Content publisher site metrics
Given these various vested interests, some common Web metrics have been developed. We have divided these metrics into two groups: (1) those that monitor advertising at a publishers site, and (2) those that monitor the advertiser's own home site. Content publisher metrics serve to show the relative attractiveness of a site. These metrics include:
Metric Dimension Measured
Site visits are the total number of times any user has visited a site. This metric demonstrates at a gross level the popularity of a site and the total potential volume of traffic available to advertisers. However, it does not distinguish unique users from non-unique users, or the time spent on the site from the depth of the visit. "Site visits" does not, therefore, truly convey the total reach (unique people reached) of the site.
Impressions (also called exposures) measures the number of unique users who have viewed a particular ad. This is important to advertisers and publishers partly because of the dominant pricing models which may charge a flat fee per thousand exposures, or per month, with a guaranteed minimum number of exposures. Technology providers have a stake in impressions because of the technology involved in automatic ad rotation and placement on a publisher's site. In addition to unique exposures, some advertisers and publishers want to control the number of exposures a user sees in a given period of time. This can be controlled by existing software, or the advertiser can take frequency into consideration when buying time on a advertiser's site.
The click-through rate is the percentage of impressions that generate a response in the form of a click on the banner or icon the advertiser has paid to place on a site that brings the user to the advertiser's own site. Studies have shown a rapid decrease in the click-through rate upon repeated exposures of the same ad to a viewer, which has implications for the optimal frequency of ad exposures to the targeted Web users. Click-through rates are estimated to be between 4 and 12% for the first exposure of an ad, decreasing to less than 1% by the fourth exposure. The click-through rate is an important measure of the advertising efficacy. It is also a complex measure which may depend on factors such as the number of unique users and frequency with which the ad is displayed, the degree of success at targeting the proper audience through site/user profile selection, and the degree of success of the ad design itself, both in terms of artwork and placement on a page.
Site demographics are an important aspect of determining the target audience. One popular model of Web advertising is 'narrowcasting': using the Web to reach as specific an audience as possible This is in contrast to the mass media broadcasting approach. Site demographics are used by advertisers in site selection, and by technology providers to develop ad rotation software. In addition, they are a crucial aspect of selling targeted advertising and fueling Web growth.
Advertiser site metrics
Because a company's home page is often promotional in nature, the content of the home page is considered "target advertising." In contrast to the publisher metrics listed above, which measure the aspects of other companies' sites, advertiser-site metrics are used within the advertiser's target advertising site to measure the effectiveness of their campaign once the user has been drawn to their site. Metrics used here include:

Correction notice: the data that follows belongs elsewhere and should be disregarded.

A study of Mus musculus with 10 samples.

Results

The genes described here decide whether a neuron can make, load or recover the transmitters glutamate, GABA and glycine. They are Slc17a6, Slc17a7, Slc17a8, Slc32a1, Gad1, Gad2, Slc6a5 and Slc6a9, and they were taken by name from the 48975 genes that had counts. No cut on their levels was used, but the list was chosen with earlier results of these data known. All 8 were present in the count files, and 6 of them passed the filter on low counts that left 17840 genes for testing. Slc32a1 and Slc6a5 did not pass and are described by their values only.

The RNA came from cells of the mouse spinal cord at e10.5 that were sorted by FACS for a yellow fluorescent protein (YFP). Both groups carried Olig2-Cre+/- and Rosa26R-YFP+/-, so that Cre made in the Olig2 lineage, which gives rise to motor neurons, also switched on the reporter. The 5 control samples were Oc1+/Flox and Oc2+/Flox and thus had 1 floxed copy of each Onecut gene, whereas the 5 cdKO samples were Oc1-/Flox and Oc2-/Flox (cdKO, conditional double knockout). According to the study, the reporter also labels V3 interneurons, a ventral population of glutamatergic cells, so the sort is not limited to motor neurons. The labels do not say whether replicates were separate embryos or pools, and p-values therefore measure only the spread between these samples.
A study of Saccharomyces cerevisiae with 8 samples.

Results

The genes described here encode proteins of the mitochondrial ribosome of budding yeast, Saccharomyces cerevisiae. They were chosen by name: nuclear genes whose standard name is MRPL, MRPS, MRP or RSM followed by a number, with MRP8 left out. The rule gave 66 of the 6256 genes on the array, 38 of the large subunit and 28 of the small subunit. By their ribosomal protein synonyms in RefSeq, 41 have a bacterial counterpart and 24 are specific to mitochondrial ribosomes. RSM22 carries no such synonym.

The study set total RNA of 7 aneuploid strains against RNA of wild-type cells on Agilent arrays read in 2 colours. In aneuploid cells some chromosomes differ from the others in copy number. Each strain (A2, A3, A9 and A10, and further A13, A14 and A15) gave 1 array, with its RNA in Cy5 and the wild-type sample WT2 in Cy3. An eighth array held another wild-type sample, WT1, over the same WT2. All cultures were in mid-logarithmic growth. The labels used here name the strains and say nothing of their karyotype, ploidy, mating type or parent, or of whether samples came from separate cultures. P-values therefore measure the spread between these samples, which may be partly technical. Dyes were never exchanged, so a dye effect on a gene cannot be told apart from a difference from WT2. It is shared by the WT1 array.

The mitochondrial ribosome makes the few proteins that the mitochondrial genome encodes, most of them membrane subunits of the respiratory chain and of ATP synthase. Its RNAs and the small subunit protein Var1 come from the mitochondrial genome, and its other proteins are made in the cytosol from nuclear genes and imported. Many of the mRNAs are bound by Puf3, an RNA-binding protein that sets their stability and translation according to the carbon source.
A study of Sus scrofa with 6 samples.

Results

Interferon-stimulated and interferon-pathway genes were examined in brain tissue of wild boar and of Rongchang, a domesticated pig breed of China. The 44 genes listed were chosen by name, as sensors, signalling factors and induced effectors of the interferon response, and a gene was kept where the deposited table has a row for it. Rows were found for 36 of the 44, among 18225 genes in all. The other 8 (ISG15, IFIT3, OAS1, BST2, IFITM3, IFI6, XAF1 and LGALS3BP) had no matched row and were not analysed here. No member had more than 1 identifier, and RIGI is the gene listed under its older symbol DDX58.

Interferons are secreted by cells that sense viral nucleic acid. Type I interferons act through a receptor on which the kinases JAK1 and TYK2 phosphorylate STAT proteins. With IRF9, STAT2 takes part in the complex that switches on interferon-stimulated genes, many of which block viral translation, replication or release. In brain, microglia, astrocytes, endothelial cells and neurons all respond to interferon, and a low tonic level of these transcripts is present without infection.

Metric Dimension Measured
The referring site indicates how a particular user was drawn to a site. In particular, it can be used to track and verify the efficacy of banner ads placed on various publisher sites.
Responder demographics validate the match between the audience reached and the audience the company expected to draw. Although the demographic information available through technology is limited, understanding the demographics of the respondents is valuable for shaping products and services the advertiser offers, and the way they design, manage and promote their site.
Outcomes are at the core of another pricing model which is growing in popularity. Outcomes define specific user actions that are expected Š typically an on-line purchase, but can include other actions such as registering for a service or giving personal information. Outcome-based pricing stipulates payment per desired outcome. This model is used successfully by firms such as amazon.com and Internet Shopping Network (ISN). Outcomes are very attractive to advertisers, because it is easy to determine how your advertisement impacted the bottom-line. However, the technology for outcome-based measurement is largely proprietary.
Interactivity includes both the depth with which a user explores a site and the amount of time the user spends at a site. These two measures are considered to demonstrate the user interest, yet they may hinge more on the success of a site's design.
Finally, advertisers are interested in the mode of exit taken by site visitors. 'Bailouts' or 'abandonments' typically occur when a user chooses to switch completely away from the advertiser site. This may connote a lack of interest in the content or the company or that the users has gotten the information they were seeking. This measure is valuable when trying to profile the user, especially when combined with any demographics available and the point of entry.